The Legacy of Jean Piaget

The Swiss developmental psychologist, Jean Piaget, was a founding figure in the experimental science of what he called genetic epistemology. producing a prolific output of writings, some which became seminal texts. At the heart of his work were his constructivist theories of childhood cognitive development. He developed a stage model of cognitive development that has proved very influential right up to the present day. Of course, like so many founding fathers of disciplines, his own theories have now been superseded. But he was undoubtedly a towering figure in the early years of his field, providing important methodology and setting in motion many of the lines of enquiry that researchers still pursue today.

Piaget’s driving ambition was to unify biology and logic. He attempted to do this by observing how concepts and language developed in children and how the children interacted with objects. He constructed ingenious interactive experiments to aid this investigation. On a theoretical level he introduced a couple of important concepts to describe how knowledge provides self-regulating symbolic structures. One of these is the idea of assimilation, where the existing knowledge structures modify the new inputs. Accommodation is where the existing knowledge is altered to adapt to the inputs.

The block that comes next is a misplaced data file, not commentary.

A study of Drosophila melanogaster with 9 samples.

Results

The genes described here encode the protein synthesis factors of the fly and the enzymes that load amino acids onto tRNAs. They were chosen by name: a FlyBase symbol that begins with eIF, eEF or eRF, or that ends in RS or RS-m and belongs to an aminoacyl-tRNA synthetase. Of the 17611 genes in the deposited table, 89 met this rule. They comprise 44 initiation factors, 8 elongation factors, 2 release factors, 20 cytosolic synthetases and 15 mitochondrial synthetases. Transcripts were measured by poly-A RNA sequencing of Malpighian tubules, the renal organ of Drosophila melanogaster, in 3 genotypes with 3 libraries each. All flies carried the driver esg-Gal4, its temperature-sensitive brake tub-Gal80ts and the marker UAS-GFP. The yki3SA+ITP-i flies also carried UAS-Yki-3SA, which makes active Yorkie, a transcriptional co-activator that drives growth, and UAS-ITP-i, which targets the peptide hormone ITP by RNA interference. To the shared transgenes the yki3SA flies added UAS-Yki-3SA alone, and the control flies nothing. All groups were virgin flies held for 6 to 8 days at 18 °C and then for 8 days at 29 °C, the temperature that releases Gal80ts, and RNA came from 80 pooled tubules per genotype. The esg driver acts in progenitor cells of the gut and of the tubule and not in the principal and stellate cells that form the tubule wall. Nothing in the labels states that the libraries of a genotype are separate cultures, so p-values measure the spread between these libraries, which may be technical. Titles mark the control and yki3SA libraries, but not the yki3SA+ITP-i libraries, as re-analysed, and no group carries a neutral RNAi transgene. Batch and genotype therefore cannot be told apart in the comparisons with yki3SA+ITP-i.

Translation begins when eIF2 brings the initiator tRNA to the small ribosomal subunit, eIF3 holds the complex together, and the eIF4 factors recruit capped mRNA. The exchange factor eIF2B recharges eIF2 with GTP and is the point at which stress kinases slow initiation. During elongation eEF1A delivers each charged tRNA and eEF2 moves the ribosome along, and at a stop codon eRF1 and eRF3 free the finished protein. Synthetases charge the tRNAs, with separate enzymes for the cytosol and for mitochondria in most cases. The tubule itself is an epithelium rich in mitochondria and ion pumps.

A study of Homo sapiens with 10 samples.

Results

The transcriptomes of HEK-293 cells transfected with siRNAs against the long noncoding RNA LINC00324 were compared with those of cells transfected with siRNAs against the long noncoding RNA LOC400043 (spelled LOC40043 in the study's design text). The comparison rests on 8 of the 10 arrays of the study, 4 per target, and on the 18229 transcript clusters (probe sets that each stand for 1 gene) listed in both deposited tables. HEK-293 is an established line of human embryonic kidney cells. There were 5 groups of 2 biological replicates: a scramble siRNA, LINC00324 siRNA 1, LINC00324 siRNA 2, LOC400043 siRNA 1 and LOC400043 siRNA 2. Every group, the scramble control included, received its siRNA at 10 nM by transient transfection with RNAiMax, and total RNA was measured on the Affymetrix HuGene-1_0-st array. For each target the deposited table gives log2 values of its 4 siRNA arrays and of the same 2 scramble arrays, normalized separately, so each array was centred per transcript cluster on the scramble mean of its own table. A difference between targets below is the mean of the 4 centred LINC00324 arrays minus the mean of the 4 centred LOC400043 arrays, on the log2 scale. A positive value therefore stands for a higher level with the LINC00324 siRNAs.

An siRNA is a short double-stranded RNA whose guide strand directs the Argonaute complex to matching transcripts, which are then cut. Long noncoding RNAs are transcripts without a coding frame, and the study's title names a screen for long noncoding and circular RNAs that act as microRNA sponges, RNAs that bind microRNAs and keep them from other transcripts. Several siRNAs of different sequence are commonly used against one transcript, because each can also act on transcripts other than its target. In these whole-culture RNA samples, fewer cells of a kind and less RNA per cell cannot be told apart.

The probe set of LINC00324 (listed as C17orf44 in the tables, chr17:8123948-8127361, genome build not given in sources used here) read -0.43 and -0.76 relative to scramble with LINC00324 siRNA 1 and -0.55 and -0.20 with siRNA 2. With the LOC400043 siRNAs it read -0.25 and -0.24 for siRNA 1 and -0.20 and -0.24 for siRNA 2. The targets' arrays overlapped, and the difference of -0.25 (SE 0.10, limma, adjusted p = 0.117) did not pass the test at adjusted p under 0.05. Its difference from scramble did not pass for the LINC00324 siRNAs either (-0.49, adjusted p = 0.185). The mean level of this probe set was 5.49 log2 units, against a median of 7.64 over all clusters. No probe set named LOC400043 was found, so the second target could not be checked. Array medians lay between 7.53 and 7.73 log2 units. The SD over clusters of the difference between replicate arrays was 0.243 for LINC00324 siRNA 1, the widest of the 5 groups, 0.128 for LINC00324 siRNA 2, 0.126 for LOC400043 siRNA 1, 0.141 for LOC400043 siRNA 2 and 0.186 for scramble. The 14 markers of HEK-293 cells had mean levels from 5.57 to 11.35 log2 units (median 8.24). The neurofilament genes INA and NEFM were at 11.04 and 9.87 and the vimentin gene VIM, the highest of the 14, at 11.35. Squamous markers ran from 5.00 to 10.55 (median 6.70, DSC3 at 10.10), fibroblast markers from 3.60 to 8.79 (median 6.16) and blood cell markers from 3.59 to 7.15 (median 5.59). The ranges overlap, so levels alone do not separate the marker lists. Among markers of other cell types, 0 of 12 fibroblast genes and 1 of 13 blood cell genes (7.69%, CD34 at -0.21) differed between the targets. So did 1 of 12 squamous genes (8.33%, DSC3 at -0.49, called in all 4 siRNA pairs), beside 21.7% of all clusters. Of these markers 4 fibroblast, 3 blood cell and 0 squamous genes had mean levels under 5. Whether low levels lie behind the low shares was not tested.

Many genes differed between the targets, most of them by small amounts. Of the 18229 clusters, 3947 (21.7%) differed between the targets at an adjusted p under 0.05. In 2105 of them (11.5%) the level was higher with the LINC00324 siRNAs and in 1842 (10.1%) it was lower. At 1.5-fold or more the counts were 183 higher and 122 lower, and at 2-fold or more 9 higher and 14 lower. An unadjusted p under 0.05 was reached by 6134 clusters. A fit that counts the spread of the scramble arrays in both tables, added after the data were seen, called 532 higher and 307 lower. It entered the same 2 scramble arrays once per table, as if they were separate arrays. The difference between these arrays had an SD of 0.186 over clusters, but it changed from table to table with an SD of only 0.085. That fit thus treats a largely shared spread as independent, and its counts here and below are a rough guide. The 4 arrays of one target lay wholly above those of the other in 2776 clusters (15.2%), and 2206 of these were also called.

Piaget believed that a kind of Hegelian style dialectic of thesis, contradictory antithesis and higher synthesis was at work in the process of knowledge construction. For him children’s knowledge developed in a kind of spiral staircase effect. He believed in a dynamic concept of mind in which there was a constant reassessment of knowledge. The processes of assimilation and accommodation allowed a kind of equilibrium to be maintained.

Piaget’s most famous claim was that children go through identifiable stages in their learning and development. The first of these is the sensorimotor stage (0-2 years old) where children are considered to be deeply egocentric, their experience driven by movements and senses. Only in the final six months do they start to think symbolically at all. The second stage (2-5 years old) is the preoperational stage and is where motor skills appear although logic is not used and thinking is magical. The third stage (5-11 years old) is the concrete operational stage where children start to think logically but only with practical aids. Finally, the formal operational stage (over 11 years old) is where full abstract thought appears.

The idea of developmental stages is a theme that many subsequent researchers, to this day, have lingered on but without any definitive results. It is difficult to test for, especially in younger children, who might not understand what is expected of them. It may be that some more subtle version of the stage model of cognitive development is correct, or perhaps a recurrent phase model such as the representational redescription model of Karmillof-Smith, for example. This is an empirical matter.

Piaget’s legacy though, is as one of the founding fathers of modern, scientific, experimental developmental psychology. His many writings and experiments provided the beginnings of a research program that is ongoing. Although his theories of cognitive development and his thoughts on education practice have been heavily criticised in recent years he was undeniably one of the most significant figures in the history of the field.